With many surgeons wary of creating ectatic corneas with their LASIK procedures, the interest in using thinner flaps has risen. Some surgeons routinely use flaps in the 130-µm range or thinner, using either mechanical microkeratomes or femtosecond lasers. Here's a look at the advantages and disadvantages of thin-flap LASIK, and the results some doctors are experiencing with it.
The Move Toward Thin Flaps
Though the definition of a thin flap differs somewhat from surgeon to surgeon, most would agree that a flap equal to or thinner than 130 µm is thin.
A. John Kanellopoulos, MD, clinical associate professor of ophthalmology at
"At that time the instrumentation was offering flaps of 160 to 200 µm," he says. "Of course, initially, the concern was for the flap to be thick enough to avoid problems with flap repositioning such as striae, flap slippage, inflammation and cut irregularity. Three things have evolved in the last 15 years: First, our instrumentation for creating the flap has become quite sophisticated. This has gone along with our knowledge of how to use that instrumentation to cut flaps with a high level of certainty. Second, we're trying to avoid reaching very low levels into the cornea out of the fear of making those corneas ectatic in the future. Initially, we started without any floor for our ablation. Then, arbitrarily, the 250-µm floor was set. Now, most refractive surgeons would agree a 300-µm floor is desirable. Since the average corneal thickness is 540 µm, in order to leave a 300-µm floor, you're limited to working with the top 240 µm. And if we assume an ablation range will reach to the level of 100 to 120 µm, then you're left with a flap that, by definition, is 120 µm thick. That's a thin flap, though today I'd consider a 'thin' flap to be any near or at 100 µm." He says the third factor pushing surgeons toward thin flaps is that modern ablations, with custom software and enlargement of the optical zone, are removing more tissue per diopter than 15 years ago. He and others also say the thinner flaps allow for a more rapid visual rehabilitation.
Dr. Kanellopoulos says in a study of 2,500 LASIK cases he performed using the Moria M2 microkeratome, he achieved flaps around 115 µm thick, and only had one free cap and one buttonhole. He says in terms of visual results, the one-day results were only two percentage points away from the one-month outcomes.
Paul Dougherty, MD, of Los Angeles' Jules Stein Eye Institute, performed a study of thin-flap LASIK using the BD K-3000 microkeratome (BD Ophthalmic Systems, Waltham, Mass.), comparing the instrument's 130-µm head to the 160. There were 155 eyes of 80 patients in the thin-flap group and 279 eyes of 148 patients in the thicker-flap group. The overall results were almost identical in terms of safety and efficacy, with a single partial flap in the 160-µm group.1
Dr. Dougherty has been using thin flaps for around three years to minimize the risk of ectasia. Most of the time, he says he shoots for a flap between 100 and 120 µm. "I'm able to consistently and safely do it with both a conventional microkeratome, the Nidek MK-2000, and a 60-Hz IntraLase," he says. "I can get about a 105-µm flap with the MK-2000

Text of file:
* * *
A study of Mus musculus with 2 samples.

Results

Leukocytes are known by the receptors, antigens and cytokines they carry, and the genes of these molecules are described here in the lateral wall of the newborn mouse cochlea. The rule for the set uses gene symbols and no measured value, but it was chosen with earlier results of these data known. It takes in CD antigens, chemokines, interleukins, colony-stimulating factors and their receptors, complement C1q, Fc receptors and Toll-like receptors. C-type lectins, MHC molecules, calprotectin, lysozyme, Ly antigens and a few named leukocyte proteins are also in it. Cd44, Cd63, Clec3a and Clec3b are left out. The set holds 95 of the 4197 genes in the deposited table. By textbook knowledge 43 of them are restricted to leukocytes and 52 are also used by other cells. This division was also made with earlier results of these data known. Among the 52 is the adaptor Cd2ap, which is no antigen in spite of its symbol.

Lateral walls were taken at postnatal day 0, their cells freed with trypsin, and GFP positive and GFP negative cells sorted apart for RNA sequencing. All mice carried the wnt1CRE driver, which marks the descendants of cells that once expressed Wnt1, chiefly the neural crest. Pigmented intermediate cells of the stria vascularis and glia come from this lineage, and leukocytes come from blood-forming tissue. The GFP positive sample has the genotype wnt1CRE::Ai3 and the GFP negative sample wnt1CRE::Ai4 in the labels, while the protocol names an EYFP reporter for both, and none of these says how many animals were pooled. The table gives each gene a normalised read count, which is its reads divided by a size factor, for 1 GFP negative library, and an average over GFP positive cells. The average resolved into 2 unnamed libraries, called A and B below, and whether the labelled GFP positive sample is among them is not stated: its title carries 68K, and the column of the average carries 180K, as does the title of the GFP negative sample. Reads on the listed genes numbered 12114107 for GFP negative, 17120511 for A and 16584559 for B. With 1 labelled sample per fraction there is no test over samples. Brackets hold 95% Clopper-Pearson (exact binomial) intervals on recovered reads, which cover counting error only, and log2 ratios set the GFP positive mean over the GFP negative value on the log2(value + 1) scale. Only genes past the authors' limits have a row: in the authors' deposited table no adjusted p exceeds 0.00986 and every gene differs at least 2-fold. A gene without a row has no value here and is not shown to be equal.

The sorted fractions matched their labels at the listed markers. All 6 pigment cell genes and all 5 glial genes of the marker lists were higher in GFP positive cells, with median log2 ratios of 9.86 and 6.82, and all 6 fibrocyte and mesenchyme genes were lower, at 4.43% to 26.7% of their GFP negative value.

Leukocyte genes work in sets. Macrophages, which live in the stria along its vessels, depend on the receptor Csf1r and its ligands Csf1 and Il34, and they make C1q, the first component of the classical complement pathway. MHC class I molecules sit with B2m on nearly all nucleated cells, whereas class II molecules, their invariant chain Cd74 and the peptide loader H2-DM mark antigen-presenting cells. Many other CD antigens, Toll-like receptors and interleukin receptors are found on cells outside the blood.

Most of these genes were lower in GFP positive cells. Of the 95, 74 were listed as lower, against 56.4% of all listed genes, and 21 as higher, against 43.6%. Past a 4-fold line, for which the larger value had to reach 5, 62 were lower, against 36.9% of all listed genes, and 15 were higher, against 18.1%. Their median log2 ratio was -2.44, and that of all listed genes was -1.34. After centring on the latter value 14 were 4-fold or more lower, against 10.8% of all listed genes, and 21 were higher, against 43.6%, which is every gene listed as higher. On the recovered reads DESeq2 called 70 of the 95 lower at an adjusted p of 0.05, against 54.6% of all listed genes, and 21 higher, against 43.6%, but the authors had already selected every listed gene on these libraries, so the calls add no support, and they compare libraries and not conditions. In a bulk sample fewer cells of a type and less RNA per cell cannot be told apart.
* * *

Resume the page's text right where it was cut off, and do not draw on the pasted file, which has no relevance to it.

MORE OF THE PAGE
±15 µm, and 100-µm flap with the IntraLase, ±10 µm."
Thin flaps aren't without risks, though.
"There are some inherent risks with making a thinner flap," explains John Doane, MD, of
Dr. Dougherty says though his results with thin flaps have been excellent, he does notice striae. "In the study I published, I didn't see any difference in microstriae between the 130-µm flaps and the 160," he says. "But now, as I use thin flaps more and more, I see a few more cases of peripheral microstriae where the flap lies over the treatment zone, but they're not visually significant." He says that he may be a little less inclined to go for an ultra-thin (100-µm) flap in patients with thicker corneas or in hyperopes, the latter of which don't need that much tissue removed, since this minimizes the risk of microstriae in patients who don't really need ultra-thin flaps anyway.
Some surgeons are taking the idea of thin-flap LASIK even further, into the 70-µm range, using the IntraLase laser to cut just beneath Bowman's to try to combine the benefits of LASIK with those of a surface procedure. The diameter of these super-thin flaps is 8.5 mm, to avoid severing more corneal nerves in the periphery.
"The question is: If we're making flaps that are thin enough and with a small enough diameter, can we cut so few corneal fibers that we get the wound healing and biomechanical advantages of surface ablation with the recovery powers of LASIK?" muses Dan Durrie, MD, who has studied the procedure. "That would be a big deal." He says sub-Bowman's keratomileusis, or SBK, may help maintain the integrity of the cornea, and he cites the work of John Marshall, PhD, of
To study SBK, Dr. Durrie and
Some surgeons wonder if flaps this thin can be made safely time and again.
"I'm all for making things better with science and technology," says Dr. Doane, "but the issue I'd have with SBK is that you'd have to literally be right under Bowman's membrane every time without going through it. This is a large risk to take, because we know that when you incise Bowman's layer it has a greater tendency to produce new collagen that can create haze or scarring. You'd have to be dead-on each time, not just so-so. If you perform SBK and incorporate Bowman's in the central 3.5 mm and leave a scar there, you could end up with lamellar haze."
Dr. Kanellopoulos also questions SBK's usefulness. "Personally, I don't think it's really necessary to go that thin with a flap," he says. "The only reason to go that thin with a flap would be if the patient has a very thin cornea and a lot of myopia to treat. For those eyes, I'd look at making the correction on a different level, such as an implant."
1. Dougherty PJ. The thin-flap LASIK technique. J Refract Surg 2005;21:5:S650-4.